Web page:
Metallica brought its WorldWired Tour to Nassau Veterans Memorial Coliseum in Uniondale last night, in celebration of this past November’s excellent Hardwired … to Self-Destruct. The performance showcased newer music while appeasing fans who’d come to see their childhood favorites, honoring the past while celebrating the present. The spectacle was airtight proof of the band’s enduring power and professionalism, while the stage setup benefited everyone from the moshing masses in general admission to people seated closer to the ceiling than the floor. You don’t stay relevant in metal for 36 years without learning how to make every seat count.
Metallica played fast in its ’80s thrash-metal heyday but still found ways last night to move even faster. The machine-gun midsection of the Dalton Trumbo homage “One” struck like munitions fire, and even ostensibly slow songs like “Sad But True” quickened their step. Faster timing didn’t make the night shorter. The band played for nearly two-and-a-half hours almost nonstop, with songs sometimes stretching out past the ten-minute mark. (Check out footage of live versions of the Hardwired highlight “Now That We’re Dead,” which slowly devolves into a drum jam where singer James Hetfield leads the quartet in a lengthy call-and-response that transitions right back into the song.) The speed was a gracious attempt to fit in as many songs as possible and a testament to the fury of a metal titan that, while it seems to be slowing its roll, will never ease up on tempo.
Metal is a nostalgic culture with a deep, lasting reverence for architects and innovators. Metallica could eat forever off the stretch of classics from 1983’s Kill ’Em All to 1986’s Master of Puppets, the labyrinthine tracks from … And Justice for All, as well as the more commercial hits of 1991’s “Black Album,” subsisting on the indispensable devotion of a still-huge fandom. They’ve chosen to keep pushing and changing, though, sometimes at the cost of a measure of diehards’ respect, which is what happened when they released the questionable but wildly successful late-’90s hard-rock makeover pushed on the too-long Load and Reload albums. Hardwired, like 2008’s Death Magnetic, finds Metallica revisiting the punishing multi-movement workouts of its first decade, carefully balancing stasis and change without falling prey to self-parody.
The set tested Hardwired’s mettle against 30-year-old Metallica classics. (That polarizing stretch between Load and 2003’s St. Anger was largely avoided, barring lead guitarist Kirk Hammett and bass player Robert Trujillo’s dual rendering of the Mission Impossible 2 soundtrack cut “I Disappear.”) The pummeling “Hardwired” and “Atlas, Rise!” were as ferocious opening the show as they were on the album. Everything from the Black Album sparked a frenzy. “Enter Sandman” and “Sad But True” crushed; and lighters were lifted during “The Unforgiven” and “Nothing Else Matters.” The set-ending streak of “One,” “Master of Puppets,” “Fade to Black,” and “Seek and Destroy” was the gig’s powerful, unrelenting peak, with respect to an unexpected run through Master of Puppets’ epic “Welcome Home (Sanitarium).”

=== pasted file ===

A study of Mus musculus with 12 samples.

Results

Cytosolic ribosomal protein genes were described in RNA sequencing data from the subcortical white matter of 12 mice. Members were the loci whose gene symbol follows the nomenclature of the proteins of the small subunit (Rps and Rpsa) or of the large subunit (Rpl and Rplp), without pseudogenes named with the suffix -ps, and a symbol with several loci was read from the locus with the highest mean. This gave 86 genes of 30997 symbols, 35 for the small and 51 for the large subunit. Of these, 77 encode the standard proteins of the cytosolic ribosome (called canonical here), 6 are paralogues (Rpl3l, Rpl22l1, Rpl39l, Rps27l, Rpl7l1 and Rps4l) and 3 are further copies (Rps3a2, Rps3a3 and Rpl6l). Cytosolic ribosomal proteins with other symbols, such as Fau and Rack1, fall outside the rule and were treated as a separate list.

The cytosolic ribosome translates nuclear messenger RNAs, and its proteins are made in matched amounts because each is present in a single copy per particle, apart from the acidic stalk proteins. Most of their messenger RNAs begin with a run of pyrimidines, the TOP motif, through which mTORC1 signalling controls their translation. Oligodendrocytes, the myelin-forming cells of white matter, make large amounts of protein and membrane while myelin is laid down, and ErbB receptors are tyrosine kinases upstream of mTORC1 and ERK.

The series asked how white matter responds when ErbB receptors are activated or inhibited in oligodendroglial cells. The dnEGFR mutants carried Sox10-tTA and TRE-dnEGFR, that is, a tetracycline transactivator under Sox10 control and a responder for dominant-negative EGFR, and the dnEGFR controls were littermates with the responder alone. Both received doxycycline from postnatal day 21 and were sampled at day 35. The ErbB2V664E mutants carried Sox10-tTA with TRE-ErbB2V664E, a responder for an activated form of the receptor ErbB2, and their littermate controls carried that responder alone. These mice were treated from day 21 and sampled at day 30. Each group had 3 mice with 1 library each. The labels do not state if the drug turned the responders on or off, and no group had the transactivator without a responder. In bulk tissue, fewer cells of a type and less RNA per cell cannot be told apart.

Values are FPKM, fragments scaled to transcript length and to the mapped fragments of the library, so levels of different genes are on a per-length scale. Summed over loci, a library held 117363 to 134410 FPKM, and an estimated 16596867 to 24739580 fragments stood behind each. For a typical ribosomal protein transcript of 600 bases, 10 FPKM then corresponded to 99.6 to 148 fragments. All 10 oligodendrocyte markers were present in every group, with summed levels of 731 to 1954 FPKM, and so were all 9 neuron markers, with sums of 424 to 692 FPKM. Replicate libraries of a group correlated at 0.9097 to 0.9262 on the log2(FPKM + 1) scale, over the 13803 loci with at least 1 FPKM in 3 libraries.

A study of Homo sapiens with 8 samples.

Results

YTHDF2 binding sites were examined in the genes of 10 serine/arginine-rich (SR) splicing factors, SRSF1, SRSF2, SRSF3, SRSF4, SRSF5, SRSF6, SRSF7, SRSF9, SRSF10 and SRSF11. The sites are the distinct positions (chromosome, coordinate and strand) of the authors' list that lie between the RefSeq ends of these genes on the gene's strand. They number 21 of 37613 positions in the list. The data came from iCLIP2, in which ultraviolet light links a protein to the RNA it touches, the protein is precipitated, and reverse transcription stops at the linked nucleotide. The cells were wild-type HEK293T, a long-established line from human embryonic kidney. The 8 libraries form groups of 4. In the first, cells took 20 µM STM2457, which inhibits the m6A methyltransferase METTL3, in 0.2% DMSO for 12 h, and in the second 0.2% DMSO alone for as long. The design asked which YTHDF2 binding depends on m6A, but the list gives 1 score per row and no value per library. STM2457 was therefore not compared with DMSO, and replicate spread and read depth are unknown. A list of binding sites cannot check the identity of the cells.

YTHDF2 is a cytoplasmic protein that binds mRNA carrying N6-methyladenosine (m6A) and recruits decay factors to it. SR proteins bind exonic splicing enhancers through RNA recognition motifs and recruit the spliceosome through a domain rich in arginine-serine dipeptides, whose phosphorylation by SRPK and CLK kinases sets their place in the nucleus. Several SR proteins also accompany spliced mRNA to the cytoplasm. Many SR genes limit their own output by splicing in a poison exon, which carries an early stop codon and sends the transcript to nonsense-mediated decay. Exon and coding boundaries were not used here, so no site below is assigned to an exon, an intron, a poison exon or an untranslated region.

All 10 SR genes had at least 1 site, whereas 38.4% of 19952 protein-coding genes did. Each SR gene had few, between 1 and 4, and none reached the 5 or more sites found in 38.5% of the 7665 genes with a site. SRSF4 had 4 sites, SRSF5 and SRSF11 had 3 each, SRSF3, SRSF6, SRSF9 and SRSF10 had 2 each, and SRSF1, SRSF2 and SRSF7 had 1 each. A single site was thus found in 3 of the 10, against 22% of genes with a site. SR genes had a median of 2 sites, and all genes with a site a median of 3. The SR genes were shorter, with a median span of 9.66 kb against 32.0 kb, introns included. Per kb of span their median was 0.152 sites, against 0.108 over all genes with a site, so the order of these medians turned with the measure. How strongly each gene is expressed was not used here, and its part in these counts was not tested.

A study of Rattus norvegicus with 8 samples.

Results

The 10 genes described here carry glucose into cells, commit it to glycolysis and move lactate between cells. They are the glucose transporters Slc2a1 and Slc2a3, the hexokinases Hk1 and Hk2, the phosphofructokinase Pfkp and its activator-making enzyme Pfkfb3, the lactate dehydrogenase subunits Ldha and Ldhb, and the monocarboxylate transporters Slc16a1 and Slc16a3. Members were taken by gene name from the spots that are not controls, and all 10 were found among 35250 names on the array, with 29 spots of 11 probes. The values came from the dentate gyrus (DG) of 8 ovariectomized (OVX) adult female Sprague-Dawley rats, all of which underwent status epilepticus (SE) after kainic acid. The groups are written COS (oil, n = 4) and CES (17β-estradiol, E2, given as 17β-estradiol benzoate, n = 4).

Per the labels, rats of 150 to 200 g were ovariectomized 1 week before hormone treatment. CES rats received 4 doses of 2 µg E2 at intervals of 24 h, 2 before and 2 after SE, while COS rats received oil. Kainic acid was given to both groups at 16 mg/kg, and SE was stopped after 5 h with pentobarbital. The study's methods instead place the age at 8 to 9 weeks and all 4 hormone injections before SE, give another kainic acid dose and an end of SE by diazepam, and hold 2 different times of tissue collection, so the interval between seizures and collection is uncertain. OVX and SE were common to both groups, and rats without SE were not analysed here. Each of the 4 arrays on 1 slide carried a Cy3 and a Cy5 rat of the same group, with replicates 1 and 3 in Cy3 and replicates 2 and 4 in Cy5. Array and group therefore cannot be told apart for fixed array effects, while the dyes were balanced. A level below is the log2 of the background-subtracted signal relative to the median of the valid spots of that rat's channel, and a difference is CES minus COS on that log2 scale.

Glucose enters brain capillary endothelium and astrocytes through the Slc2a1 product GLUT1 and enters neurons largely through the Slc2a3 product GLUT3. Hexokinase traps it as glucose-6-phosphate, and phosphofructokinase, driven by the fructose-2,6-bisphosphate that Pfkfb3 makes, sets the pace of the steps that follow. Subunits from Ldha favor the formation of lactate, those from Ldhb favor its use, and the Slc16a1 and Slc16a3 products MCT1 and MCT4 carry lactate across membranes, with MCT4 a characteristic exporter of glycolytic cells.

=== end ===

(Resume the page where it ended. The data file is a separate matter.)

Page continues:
The band performed on a diamond-shaped rig in the middle of the coliseum floor with fans on all sides. Drummer Lars Ulrich’s kit was elevated on a circular stand that pivoted 90 degrees every few songs. Hetfield and Trujillo traded vocals on microphone stands stationed at various points along the edges of the stage, while Hammett shredded everywhere in between. It was a democratic arrangement that ensured everyone in attendance enjoyed a little face time. The band performed on top of a giant screen displaying video loosely tied to each song’s subject matter. Down below, it often looked like a blur of color, but if you were seated higher up in the coliseum, the screen bolstered the performance with hellish visuals.
Metallica didn’t need to have a slick light show on top of all this but still delivered. The intro to “One” combined smoke with yellow laser flashes and the sound of gunfire, re-creating a scene of war to match the song’s reimagining of Trumbo’s Johnny Got His Gun. Elsewhere, giant lightbulbs at the corners of the stage periodically gave the appearance of a campfire. The lights created otherworldly scenes to match Hetfield’s dark lyrics, and just when it looked like they’d run out of production tricks, closer “Enter Sandman” blew in on a shock of fireworks. It’s a good metaphor for a band still going strong its fourth decade of existence: Whenever you get it into your head that Metallica has shown you everything it’s capable of, it reaches out with just a little more.